Kristi Soligo Fleshman may be a familiar name. She has been in the real estate business since 1997 and leads her own RE/MAX Revolution team in the Northland.
Things changed in September 2018 for the area leader.
Fleshman, who is diligent with mammograms and even pays extra for the 3D mammography, had a clear report in March of that year.
“Then I started training for the Kansas City half marathon,” she said. “Wearing a sports bra, I noticed something and figured it was a clogged sweat gland, which I have had, and blamed it on that.”
Weeks went by and Fleshman’s husband said the “cyst” didn’t seem right.
“It was about the size of a lima bean in my left breast,” Fleshman said. “I know I let it go too long.”
Women’s Imaging Center at Liberty Hospital medical director Amy Patel was the one who told Fleshman it was cancer after the biopsy — HER-2 positive and stage 2.
After that diagnosis, Fleshman visited Elizabeth Butler, breast surgeon with St. Luke’s Cancer Institute at Liberty Hospital, who recommended genetic testing. Fleshman knew she had a paternal aunt and a first cousin on her father’s side that had breast cancer.
Fleshman went through chemotherapy, a mastectomy of the left breast, 33 rounds of radiation and breast reconstruction.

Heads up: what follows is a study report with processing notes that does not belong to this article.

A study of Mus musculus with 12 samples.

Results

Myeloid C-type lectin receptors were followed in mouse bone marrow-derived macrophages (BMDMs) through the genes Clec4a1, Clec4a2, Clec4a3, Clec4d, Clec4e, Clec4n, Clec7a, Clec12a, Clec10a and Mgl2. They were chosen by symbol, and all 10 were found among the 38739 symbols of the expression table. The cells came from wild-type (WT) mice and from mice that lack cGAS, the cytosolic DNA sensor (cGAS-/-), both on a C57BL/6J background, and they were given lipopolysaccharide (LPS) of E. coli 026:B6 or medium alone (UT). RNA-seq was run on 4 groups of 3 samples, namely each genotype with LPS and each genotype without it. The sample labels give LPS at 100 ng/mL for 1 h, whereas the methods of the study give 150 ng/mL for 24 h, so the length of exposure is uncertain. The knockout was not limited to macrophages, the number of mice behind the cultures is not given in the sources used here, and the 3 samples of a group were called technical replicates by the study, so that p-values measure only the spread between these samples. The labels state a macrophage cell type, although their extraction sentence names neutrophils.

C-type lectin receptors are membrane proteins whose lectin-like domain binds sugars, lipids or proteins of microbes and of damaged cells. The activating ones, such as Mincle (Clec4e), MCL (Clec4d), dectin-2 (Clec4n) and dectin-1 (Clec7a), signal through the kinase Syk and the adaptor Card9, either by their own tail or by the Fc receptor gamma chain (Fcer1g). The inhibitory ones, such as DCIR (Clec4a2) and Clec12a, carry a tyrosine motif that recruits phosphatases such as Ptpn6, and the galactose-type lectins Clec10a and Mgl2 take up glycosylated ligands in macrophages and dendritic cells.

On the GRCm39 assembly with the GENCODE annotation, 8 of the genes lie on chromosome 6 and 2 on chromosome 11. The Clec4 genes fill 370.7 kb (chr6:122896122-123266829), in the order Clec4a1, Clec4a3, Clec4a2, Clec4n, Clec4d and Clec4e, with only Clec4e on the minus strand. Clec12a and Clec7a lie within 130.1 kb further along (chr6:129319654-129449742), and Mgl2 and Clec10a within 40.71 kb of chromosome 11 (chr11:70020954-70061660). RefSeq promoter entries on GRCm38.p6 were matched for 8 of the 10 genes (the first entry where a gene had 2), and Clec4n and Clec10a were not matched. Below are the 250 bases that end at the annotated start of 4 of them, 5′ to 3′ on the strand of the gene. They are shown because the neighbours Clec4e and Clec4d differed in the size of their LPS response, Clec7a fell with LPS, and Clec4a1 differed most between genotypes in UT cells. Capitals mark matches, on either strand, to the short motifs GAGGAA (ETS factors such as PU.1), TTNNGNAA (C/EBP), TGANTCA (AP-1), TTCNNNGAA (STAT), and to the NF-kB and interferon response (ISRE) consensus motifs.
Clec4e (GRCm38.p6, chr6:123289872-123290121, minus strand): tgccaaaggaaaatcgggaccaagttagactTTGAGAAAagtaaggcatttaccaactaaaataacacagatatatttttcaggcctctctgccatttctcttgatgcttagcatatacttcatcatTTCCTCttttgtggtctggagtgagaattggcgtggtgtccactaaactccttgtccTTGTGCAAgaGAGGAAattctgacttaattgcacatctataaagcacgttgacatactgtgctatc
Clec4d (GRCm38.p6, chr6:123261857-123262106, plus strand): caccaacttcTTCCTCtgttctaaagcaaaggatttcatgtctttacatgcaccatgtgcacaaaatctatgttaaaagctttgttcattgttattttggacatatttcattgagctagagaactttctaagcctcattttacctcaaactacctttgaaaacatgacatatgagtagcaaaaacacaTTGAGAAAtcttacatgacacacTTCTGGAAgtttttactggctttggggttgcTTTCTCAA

“Initially, I didn’t want to know the cancer stage, rather I was ‘Let’s go,’” she said. “I wanted to speak with an oncologist and start moving. I ended up getting a third opinion and having a St. Luke’s doctor. I ended up with a port for chemo. My cancer responded well and I had six rounds of chemo every three weeks.”
In February 2019, Fleshman had her mastectomy and then radiation. Fleshman said she wanted to have the bulk of her treatment at Liberty Hospital. She served on the Liberty Hospital Foundation board of directors since 2012, including a turn as president.
“I was doing OK until about week three of radiation,” she explained. “It was hard. There was peeling and blistering. Looking in the mirror was reliving it over and over again.”
During this time, Fleshman continued to sell real estate. If she needed a power nap, her team would allow her that.
“I wore a wig,” she said. “One of the most bizarre things was losing my eyelashes.”
Now that Fleshman has been declared cancer free, she reflects on the experience. She encourages women to get a second or third opinion.
“I didn’t want to talk about the C word,” she said. “I know it’s a life-changing event. Now, I appreciate everything. I don’t take anything for granted. I always believed I was invincible, but I know that cancer doesn’t discriminate.”
She praises the strong support system she had including her husband, children, running partners and her current broker, who is also a cancer survivor. Fleshman, who turned 50 last year, said she shouted from the rooftops that she reached that milestone.
“I wanted to keep everything as normal as possible through this process,” said the business leader. “I sat my kids down at the table and we talked. My younger daughter thought I would be in the hospital more, but I was only in one night for the mastectomy. You have to have hope. Life isn’t a sprint, but a marathon. I believed in that positive mindset.”